The Education Act gives a school’s board of trustees powers to make rules. By enrolling “Johnny” at the school, it’s implied you have accepted those rules, including uniform requirements. A school can also insist students wear their uniforms on trips, including outside of school hours.
Okay, so Johnny’s wearing the uniform but he’s modified the trousers to “low-rider” and has been told he will be sent home if he doesn’t pull them up. Again, if Johnny refuses to wear the proper uniform, the school can warn him of the consequences – detention, stand-down, suspension or sometimes even expulsion.
What if your daughter is wearing jewellery which is culturally important to your family, but the school forbids it? Schools’ rights are not absolute. They are subject to the general laws, one of which is the Human Rights Act (HRA). It forbids any discrimination on the grounds of sex, religious or ethical belief, colour, race, ethnic or national origin, political belief, disability or age. The Human Rights Commission has upheld the right of Maori children to wear jewellery (taonga) at one school, even though jewellery was banned.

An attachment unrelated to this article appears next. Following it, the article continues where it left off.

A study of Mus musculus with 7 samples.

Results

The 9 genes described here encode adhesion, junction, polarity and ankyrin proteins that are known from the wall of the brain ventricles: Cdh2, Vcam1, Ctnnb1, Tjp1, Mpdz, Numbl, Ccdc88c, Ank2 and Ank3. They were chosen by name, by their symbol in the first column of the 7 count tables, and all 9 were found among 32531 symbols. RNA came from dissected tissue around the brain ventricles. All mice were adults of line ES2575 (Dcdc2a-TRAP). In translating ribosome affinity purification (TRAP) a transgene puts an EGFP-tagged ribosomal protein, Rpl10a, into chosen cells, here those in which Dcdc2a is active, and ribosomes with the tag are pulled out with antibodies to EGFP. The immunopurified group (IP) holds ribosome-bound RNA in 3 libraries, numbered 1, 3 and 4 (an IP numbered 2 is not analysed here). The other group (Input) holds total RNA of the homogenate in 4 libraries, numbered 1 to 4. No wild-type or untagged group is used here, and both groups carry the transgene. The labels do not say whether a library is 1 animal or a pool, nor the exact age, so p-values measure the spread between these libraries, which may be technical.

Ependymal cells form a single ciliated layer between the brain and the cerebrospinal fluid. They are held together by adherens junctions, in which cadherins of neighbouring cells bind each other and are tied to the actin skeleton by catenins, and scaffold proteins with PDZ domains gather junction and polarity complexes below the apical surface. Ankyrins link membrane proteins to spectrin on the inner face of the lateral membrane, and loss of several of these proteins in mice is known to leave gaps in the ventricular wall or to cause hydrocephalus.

However, if your daughter has a ring inserted in her lip, there’s probably no breach of the HRA. Contrary to common perception, the Act does not prohibit discrimination on the grounds of appearance. Schools can decide piercings, along with tattoos, various styles of clothing, dreadlocks and dyed hair, are against the school rules.
What if a school tells your son to get a haircut? The rules haven’t really been tested on this one for many years. Today the courts would have to balance the student’s right to freedom of expression under the HRA, against the school’s right to govern itself.